Brett Booth & Jess Ruffner/Canadian Museum of Nature

When paleontologist Jordan Mallon of the Canadian Museum of Nature in Ottawa was preparing to unveil a new species of horned dinosaur last week, the museum commissioned an evocative and biologically accurate illustration to go with the find.

But Dr. Mallon also asked his friend, comic book illustrator Brett Booth, to do an alternative take on the creature that has a distinctly muscular and superhero-like quality to it.

Dr. Mallon offered both versions at a scientific talk on Friday at the University of Toronto's Mississauga campus, where he cheekily called the specimen "bodacious."


One is that dinosaur discoveries are on the rise. The find that Dr. Mallon presented is one of two novel species of horned dinosaurs reported last week. The number of species that make up the category has tripled over the last 25 years.

The other trend is that the scientists behind the current wave of discoveries are relatively young. Like Dr. Mallon, who is 34, their growing presence at conferences and in the scientific literature signals the coming of age of an entire cohort of paleontologists.

"It's the Jurassic Park phenomenon," Dr. Mallon said, referring both to the Michael Crichton novel and the Steven Spielberg film that made dinosaurs both cool and ubiquitous for children in the early 1990s. "All these kids my age grew up, got degrees and we're opening our own labs now."

The generational reset is having a noticeable impact in Canada, where the number of full-time positions dedicated to dinosaur studies remains small but has increased substantially over the past decade – shifting both the demographics and the research priorities of the entire community.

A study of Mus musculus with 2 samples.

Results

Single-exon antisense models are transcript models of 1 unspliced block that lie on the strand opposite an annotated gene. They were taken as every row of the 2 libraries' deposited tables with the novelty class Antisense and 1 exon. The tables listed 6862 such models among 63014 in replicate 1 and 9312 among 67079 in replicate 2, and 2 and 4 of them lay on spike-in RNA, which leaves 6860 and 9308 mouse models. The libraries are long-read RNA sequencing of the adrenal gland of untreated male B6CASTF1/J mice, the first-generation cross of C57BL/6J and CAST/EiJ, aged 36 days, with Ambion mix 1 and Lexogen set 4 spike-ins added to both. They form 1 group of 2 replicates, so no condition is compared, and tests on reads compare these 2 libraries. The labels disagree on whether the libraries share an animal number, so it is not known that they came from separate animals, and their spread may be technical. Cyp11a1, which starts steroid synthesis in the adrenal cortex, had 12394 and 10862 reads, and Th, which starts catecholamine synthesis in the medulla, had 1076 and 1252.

Those shifting priorities are playing out most obviously in Alberta, where the bulk of Canada's dinosaur remains originate, and where more research teams than ever are actively exploring fossil sites around the province and asking different questions about the environmental context of what they find.

Like the creatures they are unearthing, the scientists are more diverse and specialized now. Some look at dinosaurs not through a traditional, geology-oriented lens but as field biologists more interested in reconstructing ancient ecosystems than individual skeletons. Others are zeroing in on chemical and morphological details that shed new light on what dinosaurs ate, how they behaved and what their development says about broader evolutionary questions.


The fact that the conference itself has such a short history – this is only its fourth year – suggests paleontology in Canada has reached a kind of critical mass. And the pace of the science is increasing as researchers look to make the most of recently emerging technologies, methods and excavation sites around the world.

"What a lot of us new guys have done when we want to go and find fossils is we've sought out areas that have been poorly explored and that other people haven't staked out before," said David Evans, who was hired as a curator of vertebrate paleontology at the Royal Ontario Museum in Toronto just as he was completing his PhD in 2007. At the meeting, he presented his work on a land-roaming species of crocodile that he and a collaborator discovered in North Sudan.

Next, Corwin Sullivan, a Canadian paleontologist who is based in China, talked about a small feathered dinosaur he worked on that used a membrane to glide like a flying squirrel. At the meeting, it was announced that Dr. Sullivan will join the University of Alberta as a new faculty member in the fall.

Yet the professional picture is not entirely rosy. New students inspired to enter paleontology still face the challenge of breaking into a rarefied field that is not growing as quickly as many other areas of science, despite its high media profile. And it's obvious that women remain conspicuously underrepresented in faculty and museum positions, although there are now more female graduate students than ever toiling away at excavation sites.

While barriers to entry remain, the competition for funding among the latest crop of Canadian dinosaur researchers also ensures that the science they are trying to pursue is branching out in interesting ways. "Whether we realize it or not, there is a lot of exploring going on," said Hans Larsson, a Canada Research Chair in vertebrate paleontology at McGill University in Montreal.


"I think it's going to be unbelievable what we're going to see in the next 10 years in terms of the development of paleontology – and dinosaurs in particular," he said.